Everyone would love to find the perfect stock. But will you ever really find a stock that gives you everything you could possibly want?

One thing's for sure: If you don't look, you'll never find truly great investments. So let's first take a look at what you'd want to see from a perfect stock, and then decide if Emerson Electric (NYSE: EMR) fits the bill.

The quest for perfection
When you're looking for great stocks, you have to do your due diligence. It's not enough to rely on a single measure, because a stock that looks great based on one factor may turn out to be horrible in other ways. The best stocks, however, excel in many different areas, which all come together to make up a very attractive picture.

Some of the most basic yet important things to look for in a stock are:

  • Growth. Expanding businesses show healthy revenue growth. While past growth is no guarantee that revenue will keep rising, it's certainly a better sign than a stagnant top line.
  • Margins. Higher sales don't mean anything if a company can't turn them into profits. Strong margins ensure a company is able to turn revenue into profit.
  • Balance sheet. Debt-laden companies have banks and bondholders competing with shareholders for management's attention. Companies with strong balance sheets don't have to worry about the distraction of debt.
  • Money-making opportunities. Companies need to be able to turn their resources into profitable business opportunities. Return on equity helps measure how well a company is finding those opportunities.
  • Valuation. You can't afford to pay too much for even the best companies. Earnings multiples are simple, but using normalized figures gives you a sense of how valuation fits into a longer-term context.
  • Dividends. Investors are demanding tangible proof of profits, and there's nothing more tangible than getting a check every three months. Companies with solid dividends and strong commitments to increasing payouts treat shareholders well.

With those factors in mind, let's take a closer look at Emerson Electric.

Factor What We Want to See Actual Pass or Fail?
Growth 5-Year Annual Revenue Growth > 15% 4% Fail
  1-Year Revenue Growth > 12% 11.4% Fail
Margins Gross Margin > 35% 39.6% Pass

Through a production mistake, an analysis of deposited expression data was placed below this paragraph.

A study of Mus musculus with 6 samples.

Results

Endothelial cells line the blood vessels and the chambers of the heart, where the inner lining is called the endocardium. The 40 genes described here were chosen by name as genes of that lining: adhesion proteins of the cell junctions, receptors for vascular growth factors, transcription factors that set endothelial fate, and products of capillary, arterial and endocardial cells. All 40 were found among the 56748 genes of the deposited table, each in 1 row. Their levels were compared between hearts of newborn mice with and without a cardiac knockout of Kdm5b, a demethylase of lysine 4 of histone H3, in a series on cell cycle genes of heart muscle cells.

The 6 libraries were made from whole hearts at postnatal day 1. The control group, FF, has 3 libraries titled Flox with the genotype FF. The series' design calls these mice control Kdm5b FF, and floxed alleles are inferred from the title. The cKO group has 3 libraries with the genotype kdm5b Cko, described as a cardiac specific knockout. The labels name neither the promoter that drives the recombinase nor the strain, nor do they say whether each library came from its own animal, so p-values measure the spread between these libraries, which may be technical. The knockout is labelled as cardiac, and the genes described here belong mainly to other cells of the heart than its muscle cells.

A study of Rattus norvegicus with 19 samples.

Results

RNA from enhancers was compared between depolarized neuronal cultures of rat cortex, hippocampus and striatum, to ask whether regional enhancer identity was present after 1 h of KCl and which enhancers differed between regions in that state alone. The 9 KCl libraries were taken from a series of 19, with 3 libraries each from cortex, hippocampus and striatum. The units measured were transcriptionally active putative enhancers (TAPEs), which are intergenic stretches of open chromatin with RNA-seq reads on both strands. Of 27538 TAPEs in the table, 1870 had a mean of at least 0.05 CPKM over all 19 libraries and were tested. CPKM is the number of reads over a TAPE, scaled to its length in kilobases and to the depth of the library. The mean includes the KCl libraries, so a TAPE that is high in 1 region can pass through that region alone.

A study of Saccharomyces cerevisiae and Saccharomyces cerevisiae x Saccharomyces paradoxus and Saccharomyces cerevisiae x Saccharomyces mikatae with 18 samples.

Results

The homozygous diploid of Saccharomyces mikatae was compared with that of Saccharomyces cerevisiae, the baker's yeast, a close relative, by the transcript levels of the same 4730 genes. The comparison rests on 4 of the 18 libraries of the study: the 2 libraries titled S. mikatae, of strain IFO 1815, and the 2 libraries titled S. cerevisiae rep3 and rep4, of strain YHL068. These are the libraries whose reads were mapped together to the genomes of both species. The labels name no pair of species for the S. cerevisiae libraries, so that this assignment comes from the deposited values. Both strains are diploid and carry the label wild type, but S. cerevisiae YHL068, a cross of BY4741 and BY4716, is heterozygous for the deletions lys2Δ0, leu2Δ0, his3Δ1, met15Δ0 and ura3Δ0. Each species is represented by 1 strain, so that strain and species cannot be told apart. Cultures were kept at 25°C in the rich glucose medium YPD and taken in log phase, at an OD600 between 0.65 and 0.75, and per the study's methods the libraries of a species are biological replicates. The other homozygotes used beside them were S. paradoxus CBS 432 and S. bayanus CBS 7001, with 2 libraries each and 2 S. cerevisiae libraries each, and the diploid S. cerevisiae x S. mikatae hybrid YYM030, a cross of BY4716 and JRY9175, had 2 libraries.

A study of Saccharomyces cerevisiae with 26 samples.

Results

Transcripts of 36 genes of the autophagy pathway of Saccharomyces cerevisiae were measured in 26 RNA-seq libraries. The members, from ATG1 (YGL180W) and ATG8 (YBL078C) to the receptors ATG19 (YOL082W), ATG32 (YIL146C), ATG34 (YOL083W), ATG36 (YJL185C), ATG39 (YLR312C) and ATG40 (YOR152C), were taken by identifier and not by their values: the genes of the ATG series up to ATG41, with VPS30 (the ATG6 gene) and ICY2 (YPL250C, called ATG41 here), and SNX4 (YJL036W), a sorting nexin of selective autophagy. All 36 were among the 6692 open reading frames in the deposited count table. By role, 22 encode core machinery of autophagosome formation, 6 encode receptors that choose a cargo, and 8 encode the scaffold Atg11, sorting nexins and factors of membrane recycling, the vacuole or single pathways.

Net Margin > 15% 10.2% Fail
Balance Sheet Debt to Equity < 50% 49.9% Pass
  Current Ratio > 1.3 1.48 Pass
Opportunities Return on Equity > 15% 21.7% Pass
Valuation Normalized P/E < 20 23.64 Fail
Dividends Current Yield > 2% 2.3% Pass
  5-Year Dividend Growth > 10% 9.8% Fail
       
  Total Score   5 out of 10

Source: Capital IQ, a division of Standard and Poor's. Total score = number of passes.

Emerson Electric manages to get halfway to perfection with a score of 5. But over the past year, investors have recognized some of its future prospects -- and so far, they've mostly liked what they see.

Emerson is in the power business, but it neither generates electricity of its own nor maintains a massive transmission network to deliver it from power plants to customers. Instead, it helps businesses manage their power needs more efficiently. From large nuclear power plants and wind-energy farms all the way down to the small motors you may well find in your household appliances, Emerson has an impressive breadth of offerings. And with better returns on equity and higher margins than competitors Siemens (NYSE: SI) and Honeywell (NYSE: HON), Emerson is maintaining its strong position as well.

Perhaps most impressive is Emerson's history of paying dividends. With 54 straight years of dividend hikes, Emerson is among the elite of the elite. And unlike fellow Dividend Aristocrat Consolidated Edison (NYSE: ED), whose annual dividend hikes tend to be relatively small, Emerson's dividend increases are substantial, nearly eclipsing the 10% threshold we look for.

Emerson isn't an exciting stock. But for income investors seeking dependable dividends and slow but steady growth, Emerson may be exactly what you're looking for.

Keep searching

No stock is a sure thing, but some stocks are a lot closer to perfect than others. By looking for the perfect stock, you'll go a long way toward improving your investing prowess and learning how to separate out the best investments from the rest.